Saturday, January 23, 2016

Live Review :: Cairobi/Shiners/Dead Ceremony :: The Social, London - Jan 19 2016

Live Review

Cairobi/Shiners/Dead Ceremony

The Social, London  

January 19 2016

Words: Linn Branson

By the number of synths that could be seen unloaded for tonight's three bands down in the bowels of Little Portland Street's venue The Social for this Hopscotch promoted show, it could quite easily have been mistaken for a Battle of the Synths fest.

First on are the very synth-orientated Dead Ceremony. The Tunbridge Wells outfit have been known to Little Indie for awhile now (and to each other since schooldays, as well as both vocalist/ keys man Chris Stewart and drummer David Trevillion having played in Tom Williams & The Boat at one time).

Associated with fragile, often intense, lyrics and multi-layered down-tempo melodies, their set tonight includes both their first track, the uptempo, dance-vibed 'Heartbeat' - with its thumps resembling a beating heart - from way back in 2013, as well as the haunting 'Losing You', which is undoubtedly their finest and most stirring to date, resounding with Stewart's solemn vocals over dark, deep electro Nord keyboard notes and the repeated ambiguous lyric line of, "Light head / Cold sweat / Find the vein / And deliver." Nestled in between are the effortless sounding 'Magic' with a big rock-out end, and '17' that owes much to the guitar effects.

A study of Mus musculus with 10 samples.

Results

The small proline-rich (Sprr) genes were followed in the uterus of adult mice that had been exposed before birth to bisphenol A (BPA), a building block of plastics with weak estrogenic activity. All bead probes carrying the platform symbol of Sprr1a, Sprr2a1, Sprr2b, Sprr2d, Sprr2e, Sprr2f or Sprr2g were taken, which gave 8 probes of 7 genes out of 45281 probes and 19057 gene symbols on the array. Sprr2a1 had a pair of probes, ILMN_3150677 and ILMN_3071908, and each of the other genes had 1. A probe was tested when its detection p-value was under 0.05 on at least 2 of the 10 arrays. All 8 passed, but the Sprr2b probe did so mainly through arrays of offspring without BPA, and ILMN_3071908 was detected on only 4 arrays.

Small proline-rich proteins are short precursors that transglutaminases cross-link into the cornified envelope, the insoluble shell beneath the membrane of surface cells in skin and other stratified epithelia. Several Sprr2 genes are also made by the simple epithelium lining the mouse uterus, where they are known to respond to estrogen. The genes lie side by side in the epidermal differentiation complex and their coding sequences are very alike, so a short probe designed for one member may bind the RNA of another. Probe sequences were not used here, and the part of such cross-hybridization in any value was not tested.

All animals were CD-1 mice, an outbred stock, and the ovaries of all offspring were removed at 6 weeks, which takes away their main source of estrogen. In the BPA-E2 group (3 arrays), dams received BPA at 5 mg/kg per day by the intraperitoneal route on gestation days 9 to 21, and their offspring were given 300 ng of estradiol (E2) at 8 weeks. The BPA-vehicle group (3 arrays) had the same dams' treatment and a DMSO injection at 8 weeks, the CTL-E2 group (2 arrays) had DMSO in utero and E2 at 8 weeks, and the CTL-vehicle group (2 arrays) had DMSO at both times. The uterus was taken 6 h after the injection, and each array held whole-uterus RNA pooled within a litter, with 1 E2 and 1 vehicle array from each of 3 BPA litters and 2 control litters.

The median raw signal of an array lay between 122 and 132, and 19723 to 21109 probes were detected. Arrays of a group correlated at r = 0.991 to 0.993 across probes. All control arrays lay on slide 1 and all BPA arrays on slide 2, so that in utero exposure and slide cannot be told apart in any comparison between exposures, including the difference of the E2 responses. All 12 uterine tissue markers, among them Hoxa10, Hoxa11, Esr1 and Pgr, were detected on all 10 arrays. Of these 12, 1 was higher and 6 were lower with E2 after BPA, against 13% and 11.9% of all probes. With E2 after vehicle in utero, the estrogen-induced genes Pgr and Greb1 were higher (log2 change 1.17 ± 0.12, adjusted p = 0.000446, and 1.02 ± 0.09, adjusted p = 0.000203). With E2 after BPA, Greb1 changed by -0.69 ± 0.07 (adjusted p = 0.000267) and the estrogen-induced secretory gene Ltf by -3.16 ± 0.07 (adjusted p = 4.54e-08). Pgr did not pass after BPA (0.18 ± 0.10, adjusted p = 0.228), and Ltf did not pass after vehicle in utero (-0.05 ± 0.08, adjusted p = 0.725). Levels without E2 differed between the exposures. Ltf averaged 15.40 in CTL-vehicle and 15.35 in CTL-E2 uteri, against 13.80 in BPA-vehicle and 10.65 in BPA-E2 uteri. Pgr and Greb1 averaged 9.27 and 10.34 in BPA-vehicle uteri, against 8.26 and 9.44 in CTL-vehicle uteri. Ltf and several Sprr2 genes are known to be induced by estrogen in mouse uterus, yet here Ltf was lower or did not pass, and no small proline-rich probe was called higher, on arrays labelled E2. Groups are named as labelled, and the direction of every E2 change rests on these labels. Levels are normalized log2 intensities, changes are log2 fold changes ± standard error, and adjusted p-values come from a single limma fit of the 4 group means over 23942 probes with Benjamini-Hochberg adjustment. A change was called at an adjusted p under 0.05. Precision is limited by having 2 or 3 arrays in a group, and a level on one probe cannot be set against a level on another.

The change in style is evident when London indie quartet Shiners pitch up and put the Britwave rock 'n' roll into the evening, and liven up the crowd into putting their dancing shoes to use. They don't mess around, the first two songs sequeing seamlessly into each other. 'Pressure', their late 2015 single release, with Franz Ferdinand vibes, gets a few heads bopping at the front, but not perhaps as effusive a response as they may have wished for, or expected.

Shiners score a first in being the only band we have ever contacted to have completely ignored our request for their setlist in order to familiarize ourselves with their material. Maybe an oversight, but really not good PR, chaps: it doesn't endear you, to us, anyway. One of the things we had wanted to check was the fact that it seemed a very short set. It might have been because we were enjoying ourselves so much time just flew by, or that it was, indeed, no more than four songs. We shall never know.

Closers Cairobi, I have to admit, were a band I knew nothing about. The outfit may be London-based but you can probably guess by their names (Giorgio Poti, Salvador Garza, Stefan Miksch, Alessandro Marrosu, Aurelien Bernard) and accents that these hail from elsewhere originally (in fact, pencil in Austria, Italy, France, Mexico) - and their sound in many ways reflects that.

Their style is a musical hybrid encompassing elements of psych, jazz, blues, and prog rock, and throughout they play with a passionate array of off-kilter grooves and rhythmic intensity, with riffs aplenty flowing fast and free, and a drummer who hit those skins with such thunderous force throughout the seven-song set that he must have surely been suffering repetitive strain injury in the days following.

Vocalist/guitarist Giorgio Poti keeps his hat on and head down over 'Human Friend' and last year's single, 'Zoraide'  - both from their 'Distant Fire' EP, and pulls out some of those extended proggy-psych-type solos that have not been seen since the 70s. If you like a bit of meat and long instrumental passages to your music, stick Cairobi on your radar.